Why clinics offering stem cell therapies need a caution sign

A staggering 54 million Americans suffer from some form of arthritis. Millions more have muscle, tendon or ligament injuries. Short of surgery, physicians usually focus on controlling pain and inflammation, which doesn’t always resolve these problems. Often patients simply stop doing activities they previously enjoyed.

Wouldn’t it be great if doctors could treat problems’ root causes without major surgery? Like replacing worn-out or missing cartilage with an infusion of cells?

Someday, perhaps within a decade, this will be reality. In fact, we believe so fervently in regenerative medicine that we’ve staked our careers on it. Scientists like us are accumulating evidence every month. When the day comes that a clinical trial proves that an injection of cells into a patient’s body creates the exact tissue needed, we will be dancing in the streets.

We can say emphatically (and with some frustration) that we’re not quite there.

That reality, though, has not stopped private, for-profit clinics from stepping into the void.

Across the country, fueled by a multimedia advertising blitz, these businesses pledge relief from arthritis and other conditions through the use of stem cells that help the body regenerate naturally. Their websites claim benefits well beyond the musculoskeletal, improving conditions such as erectile dysfunction and autism. These are brow-furrowing statements.

Here’s what happens during an office visit at these clinics: Typically, practitioners inject cells into joints and other painful locations. The cells can be from the patients themselves – harvested from fat, blood or bone marrow – or from someone else, for example, recovered from fetal amniotic membranes.

If you can imagine “state of the art” medicine, this is pretty much the polar opposite. The knowledge necessary to perform these “treatments” was available a century ago.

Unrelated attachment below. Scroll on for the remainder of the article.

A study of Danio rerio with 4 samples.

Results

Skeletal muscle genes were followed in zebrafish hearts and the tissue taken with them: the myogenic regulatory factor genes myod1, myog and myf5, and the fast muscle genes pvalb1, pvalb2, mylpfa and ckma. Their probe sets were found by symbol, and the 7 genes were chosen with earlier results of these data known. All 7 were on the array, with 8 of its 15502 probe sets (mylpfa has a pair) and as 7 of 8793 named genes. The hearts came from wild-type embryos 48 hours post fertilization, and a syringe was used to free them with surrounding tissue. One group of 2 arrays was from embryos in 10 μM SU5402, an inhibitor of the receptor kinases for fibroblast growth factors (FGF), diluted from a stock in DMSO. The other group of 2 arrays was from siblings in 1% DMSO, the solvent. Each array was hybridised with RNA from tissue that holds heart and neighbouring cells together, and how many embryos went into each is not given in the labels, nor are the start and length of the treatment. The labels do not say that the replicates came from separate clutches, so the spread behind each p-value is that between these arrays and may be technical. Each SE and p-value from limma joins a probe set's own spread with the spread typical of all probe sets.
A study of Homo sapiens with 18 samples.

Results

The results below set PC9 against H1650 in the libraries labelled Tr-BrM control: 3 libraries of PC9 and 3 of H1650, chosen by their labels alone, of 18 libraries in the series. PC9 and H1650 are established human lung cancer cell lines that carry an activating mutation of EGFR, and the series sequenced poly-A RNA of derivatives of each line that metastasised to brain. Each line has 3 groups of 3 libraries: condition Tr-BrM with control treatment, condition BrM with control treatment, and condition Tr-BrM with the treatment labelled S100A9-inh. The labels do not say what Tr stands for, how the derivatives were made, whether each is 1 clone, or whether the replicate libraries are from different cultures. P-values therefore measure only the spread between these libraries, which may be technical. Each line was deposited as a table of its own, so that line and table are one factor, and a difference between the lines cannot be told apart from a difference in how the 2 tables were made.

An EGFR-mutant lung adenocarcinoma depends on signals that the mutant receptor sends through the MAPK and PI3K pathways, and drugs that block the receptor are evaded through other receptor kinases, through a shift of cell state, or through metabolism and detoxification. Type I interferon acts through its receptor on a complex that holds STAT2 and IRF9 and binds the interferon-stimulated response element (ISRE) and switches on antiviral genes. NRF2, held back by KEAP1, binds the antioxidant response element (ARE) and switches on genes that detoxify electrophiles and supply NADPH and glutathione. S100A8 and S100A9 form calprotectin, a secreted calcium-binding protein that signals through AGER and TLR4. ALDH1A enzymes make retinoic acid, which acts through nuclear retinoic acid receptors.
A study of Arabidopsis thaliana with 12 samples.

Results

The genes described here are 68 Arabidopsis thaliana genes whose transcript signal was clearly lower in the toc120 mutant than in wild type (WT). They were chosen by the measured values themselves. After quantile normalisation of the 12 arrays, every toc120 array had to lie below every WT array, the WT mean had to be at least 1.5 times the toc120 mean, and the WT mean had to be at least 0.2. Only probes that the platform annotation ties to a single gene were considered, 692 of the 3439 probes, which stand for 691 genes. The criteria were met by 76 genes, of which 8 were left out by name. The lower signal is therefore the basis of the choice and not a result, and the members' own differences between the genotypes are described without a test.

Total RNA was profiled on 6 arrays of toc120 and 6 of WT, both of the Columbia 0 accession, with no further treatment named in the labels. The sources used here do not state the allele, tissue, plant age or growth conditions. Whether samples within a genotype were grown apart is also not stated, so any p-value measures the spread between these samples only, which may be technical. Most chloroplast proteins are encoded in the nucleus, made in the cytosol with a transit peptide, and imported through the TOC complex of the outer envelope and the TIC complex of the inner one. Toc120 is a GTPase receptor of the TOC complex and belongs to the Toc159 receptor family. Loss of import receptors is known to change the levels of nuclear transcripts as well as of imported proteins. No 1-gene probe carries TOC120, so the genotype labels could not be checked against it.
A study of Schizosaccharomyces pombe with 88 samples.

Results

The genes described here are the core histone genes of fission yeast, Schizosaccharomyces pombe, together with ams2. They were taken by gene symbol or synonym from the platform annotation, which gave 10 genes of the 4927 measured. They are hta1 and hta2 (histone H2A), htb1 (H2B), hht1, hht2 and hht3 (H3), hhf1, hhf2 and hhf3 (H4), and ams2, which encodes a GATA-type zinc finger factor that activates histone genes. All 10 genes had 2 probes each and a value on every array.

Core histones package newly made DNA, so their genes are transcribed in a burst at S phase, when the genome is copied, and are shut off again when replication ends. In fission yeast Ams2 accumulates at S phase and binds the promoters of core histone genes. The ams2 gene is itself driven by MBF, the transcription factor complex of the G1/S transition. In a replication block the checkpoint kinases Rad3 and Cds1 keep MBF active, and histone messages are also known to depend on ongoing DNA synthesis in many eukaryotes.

Here is the critical part: These therapies have not been shown safe or effective in a clinical trial and they are not approved by the Food and Drug Administration (FDA). Without this approval, private insurers and Medicare/Medicaid will not provide reimbursement.

Still, patients desperate for relief pay out of pocket, sometimes upward of $10,000. Some who have trusted their bodies to these clinics have sustained great injury – left blind and paralyzed, for instance – from injections into an eye or spine.

UW Medicine’s research pursuits at the Institute for Stem Cell and Regenerative Medicine target heart failure, arthritis, diabetes, blindness, kidney failure and other afflictions. These conditions result from a deficiency of a critical cell population, all of which now can be made in the laboratory. Animal testing shows promise in each condition, and in some areas early-stage patient tests have begun.

This is painstaking, expensive work, but there is no substitute for getting it right at each step. Currently, only one medically approved stem cell therapy exists: transplantation of blood-forming stem cells for diseases of the blood. Recent approvals of the first T-cell therapies and gene therapies herald the dramatic advances to come, but stem-cell therapies beyond the blood system are experimental and unapproved.

The FDA recently announced a three-year plan to crack down on stem-cell clinics. But as one clinic is shuttered, another springs up. The FDA has called on states to help protect their citizens.

Washington’s Legislature is responding. House Bill 2356 involves a small, common-sense requirement: that stem-cell clinics post a visible notice that their injection procedures are not FDA-approved and that patients should consult with primary-care providers before undergoing one. This step would not preclude patients from access to these clinics, but it would ensure that their decisions are better-informed.

HB 2356, sponsored by Rep. Eileen Cody, would make Washington the second state, after California, to protect its citizens from these unproven, possibly dangerous treatments.

Regenerative medicine’s potential value to improve human health might rival that of antibiotics and vaccines. But a Wild West approach that skirts the science will waste patients’ money, put them at risk, and undercut legitimate therapies as they emerge. Let’s limit would-be predators and focus our energies on legitimate science and medicine.

Dr. Charles Murry is a professor of pathology, bioengineering and medicine/cardiology at the University of Washington School of Medicine. Dr. C. Anthony Blau is a UW professor of medicine/hematology. They co-direct the UW Medicine Institute for Stem Cell and Regenerative Medicine.